How Studying the Ways Kids Play Changed Lego

April 30, 2015

In an earlier newsletter, we included a story about how Lego built its mighty block empire on a strong foundation of licensed products. The Danish company continues to make a variety of sets with characters from popular franchises like Star Wars and Harry Potter, accounting for a third of Lego’s sales. As the toy company became more dominant in the last year, however, it started to focus more on promoting its own brand rather than others’. The 2014 The Lego Movie began this turnaround in style, putting the building block brand on the same big screen as its licensing partners.

Much of Lego’s recent success can be attributed to its dedication to research and development. In fact, the company’s Future Lab department knows as much about the playing habits and behaviors of children as many universities. Staffed by academics, child psychologists and statisticians, the Future Lab conducts detailed ethnographic studies of kids around the world about how they interact with toys. In one instance, researchers found that boys tended to be drawn to Lego playsets featuring characters with a strong narrative. Girls, on the other hand, tended to use their toys to role-play. This led to the creation of Lego Friends, the company’s first major product line directed at girls. Featuring more general settings like a broadcast news van and a wildlife rescue site, these colorful playsets are already a major hit.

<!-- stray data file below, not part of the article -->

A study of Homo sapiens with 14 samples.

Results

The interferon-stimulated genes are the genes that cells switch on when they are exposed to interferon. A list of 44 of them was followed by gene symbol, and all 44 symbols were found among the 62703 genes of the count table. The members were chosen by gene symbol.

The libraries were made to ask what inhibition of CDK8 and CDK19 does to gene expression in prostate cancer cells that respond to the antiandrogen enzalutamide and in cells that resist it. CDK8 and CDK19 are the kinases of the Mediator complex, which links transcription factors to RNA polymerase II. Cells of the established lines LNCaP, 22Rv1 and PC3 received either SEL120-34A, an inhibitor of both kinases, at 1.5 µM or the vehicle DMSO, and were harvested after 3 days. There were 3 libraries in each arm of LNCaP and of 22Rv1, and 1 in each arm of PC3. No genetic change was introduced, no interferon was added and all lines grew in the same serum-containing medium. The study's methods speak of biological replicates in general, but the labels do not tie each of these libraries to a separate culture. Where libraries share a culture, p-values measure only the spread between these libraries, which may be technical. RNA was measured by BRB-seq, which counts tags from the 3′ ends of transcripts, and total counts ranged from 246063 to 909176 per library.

What’s more, the Future Lab has found that children today no longer make a meaningful distinction between digital play and physical play. With Legos placed on the same plane as iPads and video games, the company is looking to combine these two worlds into what it calls “One Reality.” The first products to launch from this philosophy are being branded as Lego Fusion, which lets kids manipulate their creations on an accompanying app. Children aren’t Lego’s only target market, though. Product lines like Lego Architecture are directed at adults whose love for the building blocks never faded. With sophisticated subjects like the Sydney Opera House, these sets also allow Lego to charge adult-sized prices for products containing the same amount of materials as their juvenile counterparts.

 

Questions:

  1. What has Lego’s learned specifically from its extensive research?
  1. Can we expect more movies based on the Lego brand?

 

Source: Jonathan Ringen, “How Lego Became the Apple of Toys,” Fast Company, January 8, 2015. Photo by: Dan Goodwin.